A Guide to the Different Types of Radios


 

Do you work in security or the emergency services? Maybe you're based on a remote offshore oil rig, well out of the range of mobile phone or internet connectivity. Perhaps you're part of a transportation fleet, and you need a way to communicate with other drivers that doesn't involve a distracting phone call.

Enter the radio, the unsung hero of two way communication. Don't let the rise of smartphones fool you! Different types of radios are everywhere, and they serve essential communication purposes all across society.

That's why it's worth knowing what they do and how they can work for you. Read on, and we'll tell you all about the different types of radios that can make your work a little simpler every day.

Two Way Radio Frequencies

Most two way radios operate on the following frequencies:

  • VHF (Very High Frequency) - 138-174 MHz
  • UHF (Ultra High Frequency) - 400-512 MHz
  • 800MHz - 806-824 MHz and 850-869 MHz
  • 900MHz - 896-901 & 935-940 MHz

Lower frequencies work well over long distances, though walls and trees can interrupt their signals. Higher frequencies are more penetrating, so they can pass through walls easily. The trade-off is that they become less effective over long distances.

VHF and UHF radios are best for smaller-scale personal and commercial use. Public safety services in rural areas might use VHF radio, while urban businesses such as taxi fleets or security firms might prefer UHF. The highest frequencies are used by emergency services in urban areas, as well as by larger businesses like petrochemical or manufacturing companies.

Two Way Radio Systems

Based on its programming, your two way radio can transmit signals using simplex, conventional and trunked systems. When buying a two way radio, be sure to check which transmission methods it can handle!

Simplex

Simplex systems transmit and receive information on a single channel. They only allow for radio to radio communication, with no repeaters to boost signals across longer distances.

Analog simplex, which uses analog transmissions to communicate, can be used on any radio - analog or digital. Digital simplex is less universal, and requires that all radios involved use the same digital technology to function.

Conventional

Conventional systems use repeaters to boost signals and offer different channels for users to select. Like simplex systems, conventional systems can be either analog or digital.

Any digital radio can support a digital conventional system. Most non-Family Radio Service (FRS) analog radios can support an analog conventional system.

Trunked

In a trunked system, your communication is sent from your radio to a control station which acts as a repeater. The control station then determines which channel and frequency will broadcast your message. Certain trunking systems can hold messages in a queue if too many communications take place at once.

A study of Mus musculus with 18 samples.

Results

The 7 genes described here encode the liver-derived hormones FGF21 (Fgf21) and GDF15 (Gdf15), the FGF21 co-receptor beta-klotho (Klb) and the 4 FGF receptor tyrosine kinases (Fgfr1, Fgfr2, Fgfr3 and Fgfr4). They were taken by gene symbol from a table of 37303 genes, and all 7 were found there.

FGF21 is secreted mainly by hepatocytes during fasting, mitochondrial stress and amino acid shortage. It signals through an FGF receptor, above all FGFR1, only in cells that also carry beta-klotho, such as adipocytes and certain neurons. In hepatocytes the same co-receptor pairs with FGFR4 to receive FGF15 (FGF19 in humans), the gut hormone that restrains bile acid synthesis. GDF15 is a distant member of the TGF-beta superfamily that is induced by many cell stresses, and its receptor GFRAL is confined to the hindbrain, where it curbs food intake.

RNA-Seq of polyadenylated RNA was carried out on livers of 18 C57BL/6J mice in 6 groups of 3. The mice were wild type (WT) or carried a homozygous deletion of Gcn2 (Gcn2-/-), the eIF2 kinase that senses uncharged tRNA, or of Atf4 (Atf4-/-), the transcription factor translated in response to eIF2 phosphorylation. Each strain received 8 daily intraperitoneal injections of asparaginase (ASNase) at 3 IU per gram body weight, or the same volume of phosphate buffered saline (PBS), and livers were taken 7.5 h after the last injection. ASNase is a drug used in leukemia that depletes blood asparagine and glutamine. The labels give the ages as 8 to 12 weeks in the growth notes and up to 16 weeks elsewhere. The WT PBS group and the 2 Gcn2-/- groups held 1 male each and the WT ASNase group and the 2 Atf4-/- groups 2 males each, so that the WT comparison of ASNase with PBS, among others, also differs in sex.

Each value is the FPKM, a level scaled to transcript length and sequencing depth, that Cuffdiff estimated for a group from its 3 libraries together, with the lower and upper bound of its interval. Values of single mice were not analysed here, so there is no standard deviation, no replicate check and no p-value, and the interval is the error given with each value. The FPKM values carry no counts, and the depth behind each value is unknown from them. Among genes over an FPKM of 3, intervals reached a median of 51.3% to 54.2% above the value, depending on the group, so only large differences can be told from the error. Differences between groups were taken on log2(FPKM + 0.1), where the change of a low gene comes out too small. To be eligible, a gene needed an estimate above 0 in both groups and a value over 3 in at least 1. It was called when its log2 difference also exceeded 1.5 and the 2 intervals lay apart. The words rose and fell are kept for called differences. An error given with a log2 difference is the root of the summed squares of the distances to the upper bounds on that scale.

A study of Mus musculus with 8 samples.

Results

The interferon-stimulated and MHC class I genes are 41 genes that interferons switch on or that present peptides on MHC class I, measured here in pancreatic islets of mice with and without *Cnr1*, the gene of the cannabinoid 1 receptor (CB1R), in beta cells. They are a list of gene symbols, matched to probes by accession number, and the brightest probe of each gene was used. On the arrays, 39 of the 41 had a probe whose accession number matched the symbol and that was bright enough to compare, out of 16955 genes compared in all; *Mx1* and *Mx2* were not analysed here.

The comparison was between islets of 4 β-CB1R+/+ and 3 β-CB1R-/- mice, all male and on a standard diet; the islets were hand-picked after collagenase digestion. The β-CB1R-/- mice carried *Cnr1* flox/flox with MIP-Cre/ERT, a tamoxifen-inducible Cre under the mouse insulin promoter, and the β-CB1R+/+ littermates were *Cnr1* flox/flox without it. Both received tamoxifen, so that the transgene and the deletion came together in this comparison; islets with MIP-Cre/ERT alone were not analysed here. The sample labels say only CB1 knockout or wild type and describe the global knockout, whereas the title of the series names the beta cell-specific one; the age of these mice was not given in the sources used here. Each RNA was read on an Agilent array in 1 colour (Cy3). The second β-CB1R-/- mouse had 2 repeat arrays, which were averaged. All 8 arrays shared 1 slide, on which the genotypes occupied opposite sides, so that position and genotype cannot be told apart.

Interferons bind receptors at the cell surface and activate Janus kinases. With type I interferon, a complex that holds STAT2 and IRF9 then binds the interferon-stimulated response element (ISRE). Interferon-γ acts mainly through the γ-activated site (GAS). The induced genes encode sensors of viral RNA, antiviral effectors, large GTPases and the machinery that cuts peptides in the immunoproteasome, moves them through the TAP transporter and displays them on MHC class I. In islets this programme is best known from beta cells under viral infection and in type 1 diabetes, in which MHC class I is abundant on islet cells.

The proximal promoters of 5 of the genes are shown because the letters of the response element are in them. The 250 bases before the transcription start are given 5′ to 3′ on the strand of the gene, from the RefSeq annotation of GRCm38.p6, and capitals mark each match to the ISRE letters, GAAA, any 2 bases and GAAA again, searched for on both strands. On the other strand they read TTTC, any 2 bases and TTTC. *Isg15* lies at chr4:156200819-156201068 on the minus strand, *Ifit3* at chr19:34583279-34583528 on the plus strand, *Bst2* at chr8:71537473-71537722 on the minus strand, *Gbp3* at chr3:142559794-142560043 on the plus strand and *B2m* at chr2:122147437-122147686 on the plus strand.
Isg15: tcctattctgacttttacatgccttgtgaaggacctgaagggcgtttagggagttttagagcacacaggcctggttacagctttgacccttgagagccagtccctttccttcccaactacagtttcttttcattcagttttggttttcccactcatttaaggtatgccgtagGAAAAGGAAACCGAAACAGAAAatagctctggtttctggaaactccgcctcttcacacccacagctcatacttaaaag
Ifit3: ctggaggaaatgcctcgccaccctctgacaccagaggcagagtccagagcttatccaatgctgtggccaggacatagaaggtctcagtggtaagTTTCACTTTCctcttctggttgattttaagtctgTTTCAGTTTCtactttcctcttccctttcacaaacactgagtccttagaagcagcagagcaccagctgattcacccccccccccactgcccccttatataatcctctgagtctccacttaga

Trunked systems only use digital transmissions. There is no direct radio-to-radio communication involved in a trunk system - everything passes through a repeater first.

Types of Radios

Two way radio communication has been around since 1923. That's almost 100 years of development and innovation in the field!

Many different types of radios have come into use in that time. Here are some of the most common radios you might encounter.

Amateur Radio

Sometimes known as ham radio, amateur radio can transmit information on designated amateur radio channels. Amateur radio transmissions are regulated by the national government. If you want to operate an amateur radio, you will need a license to do so.

While amateur radio has limited utility in business circles, there's a lively community of enthusiasts out there. So-called 'hams' make surprisingly innovative use of amateur radio!

CB Radio

CB stands for 'citizens band,' and it enables two-way communication over shorter distances. Depending on the size of your radio, it can be portable, and you won't usually need a license to use it.

Unfortunately, if you have mountains, hills or trees interrupting your line of sight, your radio waves won't be able to travel far.

With a limited number of channels, CB radio has become less and less popular over time. Truck drivers still use CB to share information in real time while on the road.

Weather Radio

A weather radio is a specialized receiver designed to pick up information about the weather. It enables remote places to receive information that could end up saving lives. This can make it a vital safety device in case of weather warnings or other natural hazards.

Even if you're not in a remote location, a weather radio with backup power can pick up urgent weather information during emergencies. If you're in an area prone to hurricanes, tornados or earthquakes, you can stay on top of developments if local infrastructure fails.

Walkie Talkies

Walkie talkies are the most basic type of two way radio. They operate on extremely limited frequencies, with a much shorter range than even the most basic radio. As a result, they're usually cheaper to buy!

They're small and portable, useful for communicating quickly over short distances. For small-scale communication needs, a walkie talkie can be an invaluable investment.

Finding the Right Frequency

The market for two-way radios can seem crowded at first glance. With so many different types of radios on offer, it's hard to know which one will be the right fit for your business.

That's where we come in! BK Fire Radios is a family-owned business with a commitment to providing you with full-service support. Our technicians are licensed with the FCC, so you can be confident that our radio systems will get the message through.

If your radio systems need tuning up, contact BK Fire Radios today. We offer quantity pricing, so whatever the size of your operation, we'll make sure you're covered.